China is testing hypersonic missiles–news that is sucking all the oxygen out of the room when it comes to breaking defense and national security news involving Beijing for the last year or so.
But the most powerful fully-working long-range missile or ICBM in the Chinese arsenal was in fact first tested in 2013 and put on public display in 2019. Enter China’s DF-41 ICBM.
I would argue that hypersonics are great, but in the case of China and its overall nuclear weapons that are deployable right now, the DF-41 is really the one to worry about. Also, being a ballistic missile, it already flies at hypersonic speeds.
The DF-41 could reach the American mainland and eliminate cities on the West Coast. It’s not as flashy as a so-called hypersonic missile, but it can do more damage, in the here and now.
In fact, the DF-41 is one of the most dangerous ICBMs in the world for quite a few reasons. The missile is road-mobile on an eight-axle launcher vehicle, so that gives it a plus in survivability. It is also China’s longest-range missile with a range of 9,300 miles and can carry a payload of 5,500 pounds. The DF-41 can carry 10 Multiple Independently-targetable Reentry Vehicles (MIRVs), meaning one missile can fire off 10 warheads to 10 different targets.
DF-41 Can Reach The U.S. In Less Than 30 Minutes
Making matters worse for those who would challenge it in a fight, the DF-41 is so fast that it could make the trip to the United States in an astonishing 20 to 25 minutes. It could be accurate to 150 meters. Most Chinese road-mobile ballistic missiles remain in hardened tunnels until they get launch orders, then the vehicles take them out to the launch site. This makes the DF-41 more difficult to eliminate in a first strike.
What About NATO?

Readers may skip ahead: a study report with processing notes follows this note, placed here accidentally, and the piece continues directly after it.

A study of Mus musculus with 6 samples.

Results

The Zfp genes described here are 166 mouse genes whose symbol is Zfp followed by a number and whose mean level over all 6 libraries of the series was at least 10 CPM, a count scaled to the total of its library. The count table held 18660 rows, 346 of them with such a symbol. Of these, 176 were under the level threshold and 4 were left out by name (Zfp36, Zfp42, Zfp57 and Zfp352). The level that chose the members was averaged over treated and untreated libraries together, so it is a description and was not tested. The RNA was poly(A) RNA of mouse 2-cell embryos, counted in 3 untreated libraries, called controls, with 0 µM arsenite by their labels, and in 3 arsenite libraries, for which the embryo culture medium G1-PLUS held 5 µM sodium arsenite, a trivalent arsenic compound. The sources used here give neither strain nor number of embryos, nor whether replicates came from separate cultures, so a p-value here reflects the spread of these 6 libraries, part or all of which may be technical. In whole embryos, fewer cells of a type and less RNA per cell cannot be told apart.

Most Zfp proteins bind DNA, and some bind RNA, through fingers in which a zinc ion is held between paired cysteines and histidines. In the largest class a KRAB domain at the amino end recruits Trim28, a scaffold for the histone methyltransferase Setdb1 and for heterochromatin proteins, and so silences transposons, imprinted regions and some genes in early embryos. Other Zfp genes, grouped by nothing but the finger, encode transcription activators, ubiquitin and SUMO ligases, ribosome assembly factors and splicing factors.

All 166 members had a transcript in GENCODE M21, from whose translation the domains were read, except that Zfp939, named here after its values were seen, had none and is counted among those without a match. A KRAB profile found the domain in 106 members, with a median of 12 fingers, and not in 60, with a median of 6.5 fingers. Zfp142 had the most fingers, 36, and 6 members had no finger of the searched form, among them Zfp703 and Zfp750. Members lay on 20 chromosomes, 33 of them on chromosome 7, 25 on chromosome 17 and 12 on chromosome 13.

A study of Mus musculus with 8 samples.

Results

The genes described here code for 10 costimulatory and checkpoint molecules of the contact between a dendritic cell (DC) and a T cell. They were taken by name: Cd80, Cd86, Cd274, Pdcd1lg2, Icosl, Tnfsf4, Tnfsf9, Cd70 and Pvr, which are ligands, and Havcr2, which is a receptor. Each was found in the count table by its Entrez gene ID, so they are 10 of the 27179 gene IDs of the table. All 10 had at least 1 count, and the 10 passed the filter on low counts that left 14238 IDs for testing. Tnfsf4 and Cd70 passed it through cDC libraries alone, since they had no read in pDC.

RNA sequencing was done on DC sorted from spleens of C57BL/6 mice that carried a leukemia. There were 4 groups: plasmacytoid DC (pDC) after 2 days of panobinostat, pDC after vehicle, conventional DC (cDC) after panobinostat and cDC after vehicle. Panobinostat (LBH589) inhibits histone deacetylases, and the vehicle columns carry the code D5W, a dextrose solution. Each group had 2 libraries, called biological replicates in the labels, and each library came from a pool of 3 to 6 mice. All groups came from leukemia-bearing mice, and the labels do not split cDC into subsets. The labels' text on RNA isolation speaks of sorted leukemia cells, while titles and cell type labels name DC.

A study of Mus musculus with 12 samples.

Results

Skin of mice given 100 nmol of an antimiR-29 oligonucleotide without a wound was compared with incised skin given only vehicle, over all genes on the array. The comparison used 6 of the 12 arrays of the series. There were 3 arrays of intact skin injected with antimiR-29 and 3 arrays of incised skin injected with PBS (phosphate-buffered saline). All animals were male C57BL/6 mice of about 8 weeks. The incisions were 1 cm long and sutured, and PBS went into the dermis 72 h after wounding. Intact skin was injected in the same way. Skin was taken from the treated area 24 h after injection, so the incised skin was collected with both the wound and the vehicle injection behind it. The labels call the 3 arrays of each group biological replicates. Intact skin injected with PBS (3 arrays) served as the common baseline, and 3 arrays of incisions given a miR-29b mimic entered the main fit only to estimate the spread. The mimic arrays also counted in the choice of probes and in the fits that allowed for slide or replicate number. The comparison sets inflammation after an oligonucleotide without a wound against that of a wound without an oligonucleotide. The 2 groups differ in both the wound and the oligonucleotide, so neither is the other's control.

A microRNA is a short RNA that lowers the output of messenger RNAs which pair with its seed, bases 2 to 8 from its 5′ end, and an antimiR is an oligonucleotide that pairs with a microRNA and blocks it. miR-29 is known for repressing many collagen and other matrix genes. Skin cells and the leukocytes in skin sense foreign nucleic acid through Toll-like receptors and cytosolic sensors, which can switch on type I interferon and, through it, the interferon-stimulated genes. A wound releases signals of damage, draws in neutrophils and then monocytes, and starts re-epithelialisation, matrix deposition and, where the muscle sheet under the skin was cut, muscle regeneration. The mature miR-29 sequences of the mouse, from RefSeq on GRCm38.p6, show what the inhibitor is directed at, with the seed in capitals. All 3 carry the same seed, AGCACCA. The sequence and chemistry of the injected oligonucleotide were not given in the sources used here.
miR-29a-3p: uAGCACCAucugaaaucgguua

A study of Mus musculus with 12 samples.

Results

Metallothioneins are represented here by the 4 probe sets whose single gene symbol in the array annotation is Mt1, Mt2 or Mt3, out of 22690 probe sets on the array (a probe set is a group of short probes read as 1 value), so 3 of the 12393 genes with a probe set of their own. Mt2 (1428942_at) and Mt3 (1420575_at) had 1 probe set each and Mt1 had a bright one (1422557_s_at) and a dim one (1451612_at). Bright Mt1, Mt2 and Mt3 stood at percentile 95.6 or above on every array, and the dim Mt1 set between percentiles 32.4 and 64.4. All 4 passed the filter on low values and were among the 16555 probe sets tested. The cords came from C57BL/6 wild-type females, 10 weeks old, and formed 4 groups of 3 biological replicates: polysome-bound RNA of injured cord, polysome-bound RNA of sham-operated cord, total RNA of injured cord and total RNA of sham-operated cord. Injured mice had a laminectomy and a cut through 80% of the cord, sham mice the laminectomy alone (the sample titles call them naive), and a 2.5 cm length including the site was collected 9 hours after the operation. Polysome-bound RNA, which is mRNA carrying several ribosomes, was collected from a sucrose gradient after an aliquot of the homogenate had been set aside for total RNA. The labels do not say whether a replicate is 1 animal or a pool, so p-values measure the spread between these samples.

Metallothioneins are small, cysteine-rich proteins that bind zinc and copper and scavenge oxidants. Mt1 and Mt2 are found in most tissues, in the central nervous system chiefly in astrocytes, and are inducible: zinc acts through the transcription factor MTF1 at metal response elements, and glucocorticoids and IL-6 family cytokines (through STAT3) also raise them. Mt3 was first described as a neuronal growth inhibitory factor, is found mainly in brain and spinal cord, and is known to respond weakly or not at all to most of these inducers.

If the DF-41 is as good as advertised and if it can really carry up to ten warheads, the Western world has a problem. Consider that Europe is also in the Chinese crosshairs with the DF-41. What does that mean for NATO countries that are nuclear-capable such as France and the United Kingdom? Would NATO respond to a Chinese first strike against the United States?
Nuclear Strategists Are Back In Style
The Chinese have always what Henry Kissinger described, as a “prickly sense of sovereignty.” They are easily offended. Would they escalate to de-escalate their nuclear strategy? For example, let’s say the Chinese began an amphibious landing in Taiwan and the invasion began. Would they escalate to a nuclear attack if the Americans came to Taiwan’s aid in a shooting war? Would they then dare the United States to escalate to nuclear brinksmanship?
As China expands its nuclear arsenal and adds more DF-41s, these questions must be answered. Since 9/11, the West has focused on the global war on terror. But Afghanistan is over. It used to be that counter-insurgency strategists kept everyone’s attention.
Now nuclear strategists are back in vogue and the DF-41 has them confused–not confusion about China’s nuclear capabilities, but confusion about their future use.
19FortyFive’s Defense and National Security Editor, Brent M. Eastwood, PhD, is the author of Humans, Machines, and Data: Future Trends in Warfare. He is an Emerging Threats expert and former U.S. Army Infantry officer.